The IIF covers 30-40 emerging and frontier markets, with a particular focus on economic and financing issues. Our reports feature topical analysis of macroeconomic fundamentals, policy developments, political economy dynamics and downside risks.
The Caucasus and Central Asia (CCA) region was hit hard by COVID-19, with energy exporters also enduring the oil price collapse. Exchange rate flexibility, support from the IMF, and low risk of sovereign debt distress will help most CCA countries remain stable through 2021 absent further outbreaks.
COVID-19 has exacerbated Costa Rica’s external and fiscal imbalances. We project a widening of the current account deficit driven by the services sector. Further IMF funding would be needed to cover a potential external financing gap. External risk remains tied to substantial fiscal vulnerability.
We analyze external adjustments in EM Asia following the COVID-19 shock. Cross-border flows are shifting considerably in many countries in the region. The global recession weighs on exports and weak domestic demand on imports. Other sources of FX inflows have come under significant pressure as well in H1. This includes both international tourism revenues and workers’ remittances.
The ASEAN region is now China’s largest trading partner, top tourism destination, and a key investment partner. However, the depth of these relationships vary among the individual ASEAN member states. We expect economic integration to continue in the region.
Concerned with the economy's already-high debt levels and RMB stability, the PBoC was the least dovish major central bank this year. The PBoC has begun to suspend even this moderate pandemic emergency stimulus as China’s economy recovers and as concerns about financial froth increase.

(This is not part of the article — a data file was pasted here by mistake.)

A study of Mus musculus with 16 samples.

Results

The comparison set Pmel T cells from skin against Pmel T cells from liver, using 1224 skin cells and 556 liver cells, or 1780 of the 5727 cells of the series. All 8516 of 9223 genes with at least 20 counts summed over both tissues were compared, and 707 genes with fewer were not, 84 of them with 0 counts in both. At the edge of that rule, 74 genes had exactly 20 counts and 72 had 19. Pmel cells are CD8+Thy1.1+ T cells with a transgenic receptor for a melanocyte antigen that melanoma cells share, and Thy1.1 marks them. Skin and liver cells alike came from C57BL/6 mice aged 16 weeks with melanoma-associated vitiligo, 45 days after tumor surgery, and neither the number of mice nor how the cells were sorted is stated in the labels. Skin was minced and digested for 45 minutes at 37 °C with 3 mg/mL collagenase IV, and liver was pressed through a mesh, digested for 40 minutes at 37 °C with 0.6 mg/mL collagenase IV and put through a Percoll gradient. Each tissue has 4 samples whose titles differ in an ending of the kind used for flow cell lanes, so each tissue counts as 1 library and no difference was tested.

A recent PBoC survey revealed information regarding Chinese household balance sheets. Chinese households’ net worth is surprisingly large thanks to high savings rates and rising home values. The under-allocation in financial assets means poor liquidity yet great potential for diversification.
We examine currencies in the MENA region with large secondary market discounts, the biggest of which are in Lebanon, Syria, Iran and Sudan. The divergence of official and parallel FX rates in these countries reflects decades of economic mismanagement, public corruption, and international sanctions.
We analyze the impact of COVID-19 via early activity indicators. Tourism and remittances receipts are key vulnerability drivers. Despite shrinking services surpluses, falling goods imports have kept external pressure contained. Monetary policy has eased markedly, while fiscal space is more limited.
The COVID-19 response will improve medium-term growth prospects for the CEE-4. Stronger government finances provided countries with room for stimulus measures. The ECB’s response has also allowed authorities to cut rates and start bond purchases. Finally, the EU’s proposed recovery fund would improve growth prospects markedly.